Why a science of thinking is necessary - The myth that everyone "just knows" how to think - Prevalent manifestations of the failure to think efficiently - Consequences of faulty thinking methods - the relation between efficient thinking and intelligence - Problems in re-training methods of thinking - The philosophical presuppositions of efficient thinking.
The ability to reason is man's most important faculty - the attribute which lifts him above all other species. Yet, the science of using his rational faculty effectively has been almost entirely neglected. Most people fail to realize that thinking is not an automatic process, known to everyone "instinctively." It is, indeed, an acquired skill and - like every human skill - it involves certain principles which have to be identified and learned.
The Principles of Efficient Thinking was developed by Barbara Branden to help meet this need. Her course deals with thinking in both its theoretical and practical aspects. The theoretical aspect covers in detail the principles that make possible the most efficient use of one's mind; the practical aspect covers specific techniques by which one avoids thinking errors and maximizes the productiveness of one's mental effort.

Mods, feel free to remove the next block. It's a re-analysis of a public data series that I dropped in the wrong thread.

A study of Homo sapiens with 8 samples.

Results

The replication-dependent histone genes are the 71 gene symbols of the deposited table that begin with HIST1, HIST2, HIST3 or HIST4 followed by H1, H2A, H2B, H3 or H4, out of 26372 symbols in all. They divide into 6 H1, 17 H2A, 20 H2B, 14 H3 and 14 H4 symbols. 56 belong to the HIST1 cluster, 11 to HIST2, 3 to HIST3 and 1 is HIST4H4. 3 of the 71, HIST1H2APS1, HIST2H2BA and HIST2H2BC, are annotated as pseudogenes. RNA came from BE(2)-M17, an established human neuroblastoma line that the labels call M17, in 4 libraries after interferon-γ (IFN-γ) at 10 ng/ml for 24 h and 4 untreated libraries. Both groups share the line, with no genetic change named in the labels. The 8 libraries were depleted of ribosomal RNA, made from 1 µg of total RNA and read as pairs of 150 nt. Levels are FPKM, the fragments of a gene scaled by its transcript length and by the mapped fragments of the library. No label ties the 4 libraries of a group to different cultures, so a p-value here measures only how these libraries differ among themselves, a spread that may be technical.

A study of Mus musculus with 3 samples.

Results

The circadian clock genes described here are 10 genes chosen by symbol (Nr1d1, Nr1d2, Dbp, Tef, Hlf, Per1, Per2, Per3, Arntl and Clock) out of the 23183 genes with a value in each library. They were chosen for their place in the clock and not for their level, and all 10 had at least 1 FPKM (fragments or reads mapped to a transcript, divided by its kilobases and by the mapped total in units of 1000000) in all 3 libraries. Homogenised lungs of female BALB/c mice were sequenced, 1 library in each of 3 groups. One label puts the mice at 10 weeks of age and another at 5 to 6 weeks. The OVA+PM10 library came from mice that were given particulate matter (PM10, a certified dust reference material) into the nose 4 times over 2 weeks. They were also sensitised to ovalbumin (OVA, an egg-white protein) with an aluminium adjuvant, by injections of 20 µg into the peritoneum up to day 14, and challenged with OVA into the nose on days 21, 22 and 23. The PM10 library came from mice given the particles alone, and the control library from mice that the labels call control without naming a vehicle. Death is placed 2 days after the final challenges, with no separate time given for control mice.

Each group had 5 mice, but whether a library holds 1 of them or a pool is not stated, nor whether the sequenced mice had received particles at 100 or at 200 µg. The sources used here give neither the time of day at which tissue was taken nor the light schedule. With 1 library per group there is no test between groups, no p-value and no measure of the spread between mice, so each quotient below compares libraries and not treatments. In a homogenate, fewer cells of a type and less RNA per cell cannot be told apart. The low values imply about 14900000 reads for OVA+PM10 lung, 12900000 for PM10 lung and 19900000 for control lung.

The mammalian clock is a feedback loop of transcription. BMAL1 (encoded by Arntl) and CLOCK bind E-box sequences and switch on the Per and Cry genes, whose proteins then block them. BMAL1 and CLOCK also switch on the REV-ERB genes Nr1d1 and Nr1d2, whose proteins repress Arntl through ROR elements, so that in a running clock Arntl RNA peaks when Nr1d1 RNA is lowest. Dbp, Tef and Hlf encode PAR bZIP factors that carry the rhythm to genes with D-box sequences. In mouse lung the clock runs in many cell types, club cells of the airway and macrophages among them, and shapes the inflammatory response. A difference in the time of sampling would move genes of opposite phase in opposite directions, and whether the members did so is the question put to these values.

As part of the curriculum of the Nathaniel Branden Institute (NBI), the course was attended by tens of thousands of students in cities throughout the United States and Canada. With the exception of lecture nine, which is a guest lecture by Nathaniel Branden, the course is given by Barbara Branden. Many of the lectures were re-recorded to improve sound quality, to slightly revise errors, to update references, and to make the contents readily understandable to those with no previous philosophical training. This course is substantially the same as that offered by NBI and it proved to be one of the most popular series offered by the Institute.
Permission to offer this product has been given from Barbara Branden who holds the copyright.